How to become a Fish Farmer. Read through our comprehensive job guide to learn more about this career.
What does a Fish Farmer do?
Fish farming involves breeding shellfish, and fish such as salmon and trout, for the food industry. Some fish farmers rear other types of fish to stock lakes and rivers for angling purposes, or for ornamental ponds.
You could be involved in various areas of fish farming, including:
- breeding fish by hatching eggs from adult stock
- buying in young fish and rearing them
- feeding fish by hand or by filling hoppers that feed them automatically
- monitoring the health of fish
- grading fish or shellfish by size and moving them to bigger tanks or other holding units
- making regular checks on water temperature and oxygen content
- cleaning filters and screens that trap leaves and other debris
- treating water before releasing it back into the river
- harvesting fish when ready for sale
- selling fish to the public and/or trade customers
- maintaining buildings, equipment and fish habitats.
As most fish farms only have a few staff, managers usually do many of the above tasks, as well as supervising fish farm workers.
Some fish farms provide facilities for angling.
As fish farms operate seven days a week, your hours may include early mornings, evenings and weekends, perhaps on a rota system.
Fish farms are often in isolated areas. You would work outdoors in all weather conditions, and may need to do heavy lifting, standing, bending and carrying.
How much does a Fish Farmer earn?
Salary and pay information:
- Fish farm workers can earn between £16,000 and £21,000 a year.
- Managers can earn around £41,000.
A house or caravan, and use of a vehicle, may be included.
Figures are intended as a guideline only.
You do not necessarily need qualifications to get into fish farming, but there are full-time courses you can take before looking for work, which will give you some of the skills and knowledge you will need for the job. Courses are offered at colleges specialising in horticulture and agriculture. You may need relevant experience to get on to some courses – you should check with colleges for their requirements.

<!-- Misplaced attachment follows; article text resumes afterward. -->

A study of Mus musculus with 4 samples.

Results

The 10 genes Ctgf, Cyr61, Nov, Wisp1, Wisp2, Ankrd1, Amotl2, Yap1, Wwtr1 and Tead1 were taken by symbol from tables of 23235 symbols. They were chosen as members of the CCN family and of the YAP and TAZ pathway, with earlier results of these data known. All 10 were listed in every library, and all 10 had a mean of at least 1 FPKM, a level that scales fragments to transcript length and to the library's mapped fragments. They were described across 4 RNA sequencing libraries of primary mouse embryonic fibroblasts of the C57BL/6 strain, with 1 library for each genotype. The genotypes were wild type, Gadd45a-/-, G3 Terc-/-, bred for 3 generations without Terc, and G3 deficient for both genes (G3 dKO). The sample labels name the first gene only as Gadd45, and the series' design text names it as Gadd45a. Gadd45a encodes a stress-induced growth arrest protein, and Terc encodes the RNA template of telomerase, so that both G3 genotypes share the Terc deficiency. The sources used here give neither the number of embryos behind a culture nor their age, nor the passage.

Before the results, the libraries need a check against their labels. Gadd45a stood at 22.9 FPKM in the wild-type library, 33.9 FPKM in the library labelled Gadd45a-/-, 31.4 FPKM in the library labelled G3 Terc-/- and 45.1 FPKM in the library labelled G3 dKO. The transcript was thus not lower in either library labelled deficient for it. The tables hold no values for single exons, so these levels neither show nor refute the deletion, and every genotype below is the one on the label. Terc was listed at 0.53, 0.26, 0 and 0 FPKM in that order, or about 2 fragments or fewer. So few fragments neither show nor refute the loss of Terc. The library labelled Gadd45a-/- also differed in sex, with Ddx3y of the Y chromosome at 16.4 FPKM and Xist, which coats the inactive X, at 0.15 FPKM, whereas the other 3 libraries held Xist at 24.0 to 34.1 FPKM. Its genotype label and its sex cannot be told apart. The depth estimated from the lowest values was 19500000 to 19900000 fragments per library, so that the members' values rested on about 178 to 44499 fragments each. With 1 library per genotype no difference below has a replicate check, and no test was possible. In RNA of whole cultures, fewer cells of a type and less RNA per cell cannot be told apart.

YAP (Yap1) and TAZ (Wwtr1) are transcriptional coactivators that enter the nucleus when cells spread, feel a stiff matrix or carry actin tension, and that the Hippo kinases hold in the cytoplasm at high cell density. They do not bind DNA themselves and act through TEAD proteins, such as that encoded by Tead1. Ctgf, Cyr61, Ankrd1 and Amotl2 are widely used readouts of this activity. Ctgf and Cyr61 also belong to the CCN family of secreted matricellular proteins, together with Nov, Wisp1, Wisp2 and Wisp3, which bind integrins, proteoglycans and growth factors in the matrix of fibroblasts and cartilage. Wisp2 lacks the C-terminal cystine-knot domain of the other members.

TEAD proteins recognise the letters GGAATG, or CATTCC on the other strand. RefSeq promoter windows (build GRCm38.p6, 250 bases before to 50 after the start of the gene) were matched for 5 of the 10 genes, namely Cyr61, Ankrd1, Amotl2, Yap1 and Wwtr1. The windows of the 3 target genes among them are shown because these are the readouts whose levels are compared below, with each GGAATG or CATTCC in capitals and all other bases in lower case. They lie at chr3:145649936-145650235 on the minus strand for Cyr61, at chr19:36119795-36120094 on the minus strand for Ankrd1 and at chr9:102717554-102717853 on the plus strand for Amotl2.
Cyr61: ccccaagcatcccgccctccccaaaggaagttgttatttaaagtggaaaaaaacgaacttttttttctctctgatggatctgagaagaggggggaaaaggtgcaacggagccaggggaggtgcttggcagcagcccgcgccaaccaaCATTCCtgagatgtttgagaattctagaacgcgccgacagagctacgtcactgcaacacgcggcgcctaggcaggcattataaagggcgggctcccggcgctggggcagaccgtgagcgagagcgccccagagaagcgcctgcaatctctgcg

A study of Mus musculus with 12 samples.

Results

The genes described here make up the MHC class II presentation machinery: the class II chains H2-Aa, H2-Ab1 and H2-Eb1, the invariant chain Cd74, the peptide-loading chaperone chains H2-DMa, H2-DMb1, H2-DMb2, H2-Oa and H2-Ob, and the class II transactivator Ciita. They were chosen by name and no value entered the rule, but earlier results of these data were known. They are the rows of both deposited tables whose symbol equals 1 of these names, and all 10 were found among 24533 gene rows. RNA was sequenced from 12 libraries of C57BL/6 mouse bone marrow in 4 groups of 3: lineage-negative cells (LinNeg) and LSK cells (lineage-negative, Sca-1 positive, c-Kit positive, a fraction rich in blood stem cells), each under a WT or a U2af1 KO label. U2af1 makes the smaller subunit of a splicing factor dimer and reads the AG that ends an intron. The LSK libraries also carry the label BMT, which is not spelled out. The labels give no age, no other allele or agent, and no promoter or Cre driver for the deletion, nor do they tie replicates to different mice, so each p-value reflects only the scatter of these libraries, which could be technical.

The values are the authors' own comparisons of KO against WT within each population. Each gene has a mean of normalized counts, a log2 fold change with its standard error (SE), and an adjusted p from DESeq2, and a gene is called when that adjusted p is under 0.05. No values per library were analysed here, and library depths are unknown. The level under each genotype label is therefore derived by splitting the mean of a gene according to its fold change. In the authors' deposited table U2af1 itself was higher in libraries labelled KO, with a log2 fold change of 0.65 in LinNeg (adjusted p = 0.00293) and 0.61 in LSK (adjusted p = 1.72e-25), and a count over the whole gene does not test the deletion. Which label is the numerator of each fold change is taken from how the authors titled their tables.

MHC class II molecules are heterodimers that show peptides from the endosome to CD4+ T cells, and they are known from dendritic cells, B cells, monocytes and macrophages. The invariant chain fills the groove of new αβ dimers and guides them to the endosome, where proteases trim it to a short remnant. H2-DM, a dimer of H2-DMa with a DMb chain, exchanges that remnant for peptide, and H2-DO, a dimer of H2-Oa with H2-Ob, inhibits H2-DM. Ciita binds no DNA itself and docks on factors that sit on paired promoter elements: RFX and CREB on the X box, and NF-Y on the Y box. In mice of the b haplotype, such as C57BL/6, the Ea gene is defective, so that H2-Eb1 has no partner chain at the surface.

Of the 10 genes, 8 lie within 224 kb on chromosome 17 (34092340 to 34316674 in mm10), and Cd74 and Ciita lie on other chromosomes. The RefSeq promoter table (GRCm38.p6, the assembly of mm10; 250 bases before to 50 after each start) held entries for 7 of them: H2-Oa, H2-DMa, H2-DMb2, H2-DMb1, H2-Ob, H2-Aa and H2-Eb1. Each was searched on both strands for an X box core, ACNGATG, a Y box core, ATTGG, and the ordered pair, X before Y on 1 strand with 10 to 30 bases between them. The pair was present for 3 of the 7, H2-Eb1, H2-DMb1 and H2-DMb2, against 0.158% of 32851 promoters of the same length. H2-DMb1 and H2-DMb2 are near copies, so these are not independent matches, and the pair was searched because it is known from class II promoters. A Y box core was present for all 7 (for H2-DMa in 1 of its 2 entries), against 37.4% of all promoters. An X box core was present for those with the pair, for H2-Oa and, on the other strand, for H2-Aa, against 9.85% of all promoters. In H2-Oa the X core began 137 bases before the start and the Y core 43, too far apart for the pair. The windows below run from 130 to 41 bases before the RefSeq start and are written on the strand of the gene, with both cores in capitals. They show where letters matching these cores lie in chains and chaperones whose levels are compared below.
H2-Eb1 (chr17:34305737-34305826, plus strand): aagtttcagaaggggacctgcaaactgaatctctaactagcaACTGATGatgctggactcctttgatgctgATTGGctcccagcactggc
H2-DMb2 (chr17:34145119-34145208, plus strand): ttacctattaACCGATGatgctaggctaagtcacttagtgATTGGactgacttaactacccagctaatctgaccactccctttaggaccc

You could complete BTEC Level 2 Certificate/Extended Certificate/Diploma in Fish Husbandry.
You may need to collect feed or equipment and deliver fish to local buyers, so a driving licence would be useful.
If you want to start as a manager or assistant manager, you may need a higher education qualification. These are available at a very small number of universities and include SQA HNCs/HNDs (available in Scotland), foundation degrees and degrees.
To search for HNDs, foundation degrees and degrees, visit the UCAS website. Please check with colleges or universities for exact entry requirements.
In Scotland you may be able to enter through an apprenticeship. For information see the Modern Apprenticeship website.
- Modern Apprenticeships (Scotland)
Training and Development
Once you are working as a fish farmer you could complete Institute of Fisheries Management (IFM) home-study courses leading to the following qualifications:
- Certificate in Fisheries Management
- Diploma in Fisheries Management.
See the training page of the IFM website for details.
- Institute of Fisheries Management – training page
You could also complete BTEC Level 3 Certificate/Subsidiary Diploma/Diploma/Extended Diploma in Fish Management.
You can also study for relevant postgraduate qualifications at some colleges and universities. Visit the Hobsons Postgrad website to search for courses.
- Hobsons Postgrad
In Scotland you may be able to work towards SVQ levels 2 and 3 in Fisheries Management.
Skills and Knowledge
- practical skills like woodwork, welding and basic plumbing
- the ability to work on your own and as part of a small team
- the ability to adapt to new technology
- swimming ability
- business, communication and organisational skills.
Although you could find work at fish farms all over the UK, they are mainly concentrated in Scotland, and to a lesser extent in North Yorkshire and the south of England. Salmon sea cage farms are located in Scotland, the Shetland Isles and on the west coast of Ireland. Job opportunities are quite scarce, with strong competition for the well-established farms.
Other employers include the Environment Agency, private estates, angling organisations, and garden centres that specialise in aquatics.
On a large fish farm you may be able to progress to supervisor or manager, although you may need to move between farms.
If you can find a suitable location and raise enough capital, you could start your own fish farm. Freelance work could be another option, for example acting as a consultant or providing sickness or holiday cover.